Do you know who's going to be paying for your long-term care? If you don't have long-term care insurance, then you will be required to spend your own money until you are just about broke, and then the government will take over and pay for your care. In my opinion, having the government in charge of your long-term care is, at best, a little scary, and at worst, downright terrifying.
In a recent Investment News article, this headline was used "Genworth Financial struggling under the weight of long-term care costs." Turns out that one of the biggest issuers of long-term care insurance was way off the mark when it came to pricing its products. In other words, they didn't charge enough money for policies and are now lossing a lot of money. One factor is, in a low-interest environment, insurance companies struggle to make money on their own investments, along with the fact that they guessed wrong as to the lapse rates, life expectancies, and actual costs of this care.
Here is an excerpt from the article.
"Here's an uncomfortable question: who's going to pay for mom or dad's nursing home bill — or yours, for that matter?
"The answer, for about 1.2 million Americans, is Tom McInerney. Mr. McInerney, 58, is the chief executive officer of Genworth Financial Inc., the beleaguered giant of long-term care insurance.
"Mr. McInerney is in a tight spot, and it's getting tighter. Long-term care policies written in past decades have turned into a black hole for the insurance industry. Executives misjudged everything from how much elder care would cost, to how long people would live. Result: these policies are costing insurers billions.
"Genworth is struggling to contain the damage and . . . warned of a 'material weakness' in some of its accounting. To cope with mounting costs on the policies, Genworth has been raising premiums again and again. Some policyholders are furious.
"'I was mad as hell,' says Arthur Mueller, an 83-year-old former real estate executive who lives in Dallas. Over the past 15 years, his annual Genworth premium has roughly doubled to $6,879."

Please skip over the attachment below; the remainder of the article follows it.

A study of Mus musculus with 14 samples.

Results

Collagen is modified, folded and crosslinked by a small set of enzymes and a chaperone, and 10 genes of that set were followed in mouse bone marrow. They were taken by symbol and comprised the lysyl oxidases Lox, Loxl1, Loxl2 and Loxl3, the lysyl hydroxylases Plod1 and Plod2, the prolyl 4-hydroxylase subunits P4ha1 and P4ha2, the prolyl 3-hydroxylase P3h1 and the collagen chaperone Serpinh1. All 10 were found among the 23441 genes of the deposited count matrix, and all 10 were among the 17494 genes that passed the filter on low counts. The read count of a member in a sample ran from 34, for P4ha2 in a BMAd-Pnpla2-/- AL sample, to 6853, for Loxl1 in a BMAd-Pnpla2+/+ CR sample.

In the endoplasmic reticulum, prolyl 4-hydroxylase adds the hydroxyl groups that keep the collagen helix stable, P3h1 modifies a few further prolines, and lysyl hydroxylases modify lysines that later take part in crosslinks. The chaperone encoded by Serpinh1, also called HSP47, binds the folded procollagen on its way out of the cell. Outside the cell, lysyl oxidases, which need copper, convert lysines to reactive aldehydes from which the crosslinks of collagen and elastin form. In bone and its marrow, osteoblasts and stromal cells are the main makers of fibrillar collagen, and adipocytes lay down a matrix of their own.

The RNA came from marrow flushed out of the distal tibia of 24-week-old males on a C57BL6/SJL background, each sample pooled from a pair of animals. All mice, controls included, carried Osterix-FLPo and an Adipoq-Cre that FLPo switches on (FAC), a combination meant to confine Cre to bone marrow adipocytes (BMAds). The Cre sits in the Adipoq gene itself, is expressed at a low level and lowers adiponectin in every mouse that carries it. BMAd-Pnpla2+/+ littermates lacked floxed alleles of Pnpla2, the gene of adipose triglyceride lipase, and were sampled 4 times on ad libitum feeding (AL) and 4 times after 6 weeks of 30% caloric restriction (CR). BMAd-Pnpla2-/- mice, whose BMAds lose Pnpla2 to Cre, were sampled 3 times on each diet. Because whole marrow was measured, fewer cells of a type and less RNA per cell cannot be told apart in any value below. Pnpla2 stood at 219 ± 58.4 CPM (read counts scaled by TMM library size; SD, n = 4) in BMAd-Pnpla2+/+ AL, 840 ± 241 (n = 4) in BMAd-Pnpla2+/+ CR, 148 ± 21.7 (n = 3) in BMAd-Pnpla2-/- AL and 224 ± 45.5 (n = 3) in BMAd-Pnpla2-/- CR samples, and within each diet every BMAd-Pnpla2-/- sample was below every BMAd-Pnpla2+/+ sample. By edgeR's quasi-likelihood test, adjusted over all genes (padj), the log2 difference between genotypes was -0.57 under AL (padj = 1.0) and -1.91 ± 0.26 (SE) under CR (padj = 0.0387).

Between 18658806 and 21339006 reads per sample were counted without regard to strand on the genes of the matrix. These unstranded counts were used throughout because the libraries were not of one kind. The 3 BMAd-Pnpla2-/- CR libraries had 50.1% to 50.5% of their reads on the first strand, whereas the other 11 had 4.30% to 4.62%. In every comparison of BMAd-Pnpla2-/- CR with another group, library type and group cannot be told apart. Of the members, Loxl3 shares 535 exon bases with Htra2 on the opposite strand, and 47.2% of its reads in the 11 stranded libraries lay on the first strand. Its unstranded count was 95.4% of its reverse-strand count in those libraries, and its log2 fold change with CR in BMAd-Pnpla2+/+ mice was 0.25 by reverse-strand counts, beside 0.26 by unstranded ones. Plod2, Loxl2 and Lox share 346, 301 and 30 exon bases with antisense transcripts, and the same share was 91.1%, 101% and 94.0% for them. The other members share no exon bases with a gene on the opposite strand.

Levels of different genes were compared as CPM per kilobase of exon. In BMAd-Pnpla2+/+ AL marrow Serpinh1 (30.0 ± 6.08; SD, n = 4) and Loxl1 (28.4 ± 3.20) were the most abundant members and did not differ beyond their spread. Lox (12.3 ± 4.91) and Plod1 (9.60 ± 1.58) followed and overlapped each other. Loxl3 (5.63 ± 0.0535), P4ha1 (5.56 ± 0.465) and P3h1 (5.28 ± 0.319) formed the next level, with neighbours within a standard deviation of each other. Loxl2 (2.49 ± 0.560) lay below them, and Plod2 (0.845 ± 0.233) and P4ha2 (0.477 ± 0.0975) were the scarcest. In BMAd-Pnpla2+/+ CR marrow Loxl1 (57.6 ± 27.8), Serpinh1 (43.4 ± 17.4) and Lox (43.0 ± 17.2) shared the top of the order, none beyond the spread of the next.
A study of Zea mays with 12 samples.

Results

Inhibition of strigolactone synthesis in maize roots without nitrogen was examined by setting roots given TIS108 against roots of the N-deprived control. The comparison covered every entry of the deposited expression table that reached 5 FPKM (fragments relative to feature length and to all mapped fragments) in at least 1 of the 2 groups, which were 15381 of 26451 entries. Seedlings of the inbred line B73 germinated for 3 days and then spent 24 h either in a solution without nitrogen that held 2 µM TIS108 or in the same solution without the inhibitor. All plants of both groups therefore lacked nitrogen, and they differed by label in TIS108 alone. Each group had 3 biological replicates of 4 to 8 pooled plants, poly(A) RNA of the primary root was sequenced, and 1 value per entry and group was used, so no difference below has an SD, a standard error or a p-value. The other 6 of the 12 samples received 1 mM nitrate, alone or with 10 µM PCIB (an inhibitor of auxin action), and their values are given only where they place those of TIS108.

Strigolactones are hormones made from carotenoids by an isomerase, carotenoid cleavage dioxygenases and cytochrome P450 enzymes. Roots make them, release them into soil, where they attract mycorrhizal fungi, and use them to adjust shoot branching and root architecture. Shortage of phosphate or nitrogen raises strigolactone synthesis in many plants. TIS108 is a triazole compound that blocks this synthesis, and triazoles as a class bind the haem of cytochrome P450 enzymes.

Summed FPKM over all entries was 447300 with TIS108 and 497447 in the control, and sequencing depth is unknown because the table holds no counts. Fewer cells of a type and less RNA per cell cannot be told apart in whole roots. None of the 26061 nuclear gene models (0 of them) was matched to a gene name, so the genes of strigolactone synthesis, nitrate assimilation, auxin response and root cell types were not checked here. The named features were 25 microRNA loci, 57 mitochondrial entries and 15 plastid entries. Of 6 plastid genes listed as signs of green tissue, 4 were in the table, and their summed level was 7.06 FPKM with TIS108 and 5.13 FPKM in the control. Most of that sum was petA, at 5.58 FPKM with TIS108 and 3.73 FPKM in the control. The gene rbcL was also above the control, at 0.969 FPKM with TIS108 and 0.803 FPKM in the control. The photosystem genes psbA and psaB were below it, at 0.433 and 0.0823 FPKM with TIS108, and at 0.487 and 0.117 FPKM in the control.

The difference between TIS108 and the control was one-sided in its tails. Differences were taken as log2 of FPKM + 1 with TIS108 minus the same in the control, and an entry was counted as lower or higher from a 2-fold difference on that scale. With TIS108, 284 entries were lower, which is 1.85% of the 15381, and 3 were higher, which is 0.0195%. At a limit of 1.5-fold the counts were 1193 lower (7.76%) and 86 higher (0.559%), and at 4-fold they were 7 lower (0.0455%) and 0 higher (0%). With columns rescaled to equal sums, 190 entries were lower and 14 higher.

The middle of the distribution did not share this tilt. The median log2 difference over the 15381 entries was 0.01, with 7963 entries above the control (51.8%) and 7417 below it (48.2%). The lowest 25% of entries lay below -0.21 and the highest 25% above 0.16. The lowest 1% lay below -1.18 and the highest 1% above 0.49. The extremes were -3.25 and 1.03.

No quick fix
There's no quick or easy fix for Richmond, VA.-based Genworth, which has posted two straight quarterly losses. The stock fell by more than half in the past 12 months, including a 5.4 percent slide recently after disclosing the accounting weakness.
Genworth and other insurers have had to contend with the confluence of three powerful forces. The first, is the rising price of elder care. Nationwide, the median cost of a private room in a nursing home is now more than $87,000 a year, after annual increases of 4 percent over the past five years, according to Genworth.
Adding to the problems, interest rates have plunged to record-low levels. Insurers need to invest funds for decades before paying out on long-term care claims, so low rates hit profits from those policies particularly hard.
This leads me to the question; are Americans going to be buying longterm care insurance if the premiums keep climbing? At some point, people will just "take their chances," which generally is not a good idea.
I believe the long-term answer is most likely in combo products. This is where you combine long-term care coverage with life insurance product or an annuity. Although we certainly have these combo products today, most people are just not aware of them.
If you would like to learn about these combo products; where you can get long-term care coverage without the increasing costs, give me a call and I would be happy to tell you about the various options outside of the traditional long-term care policies.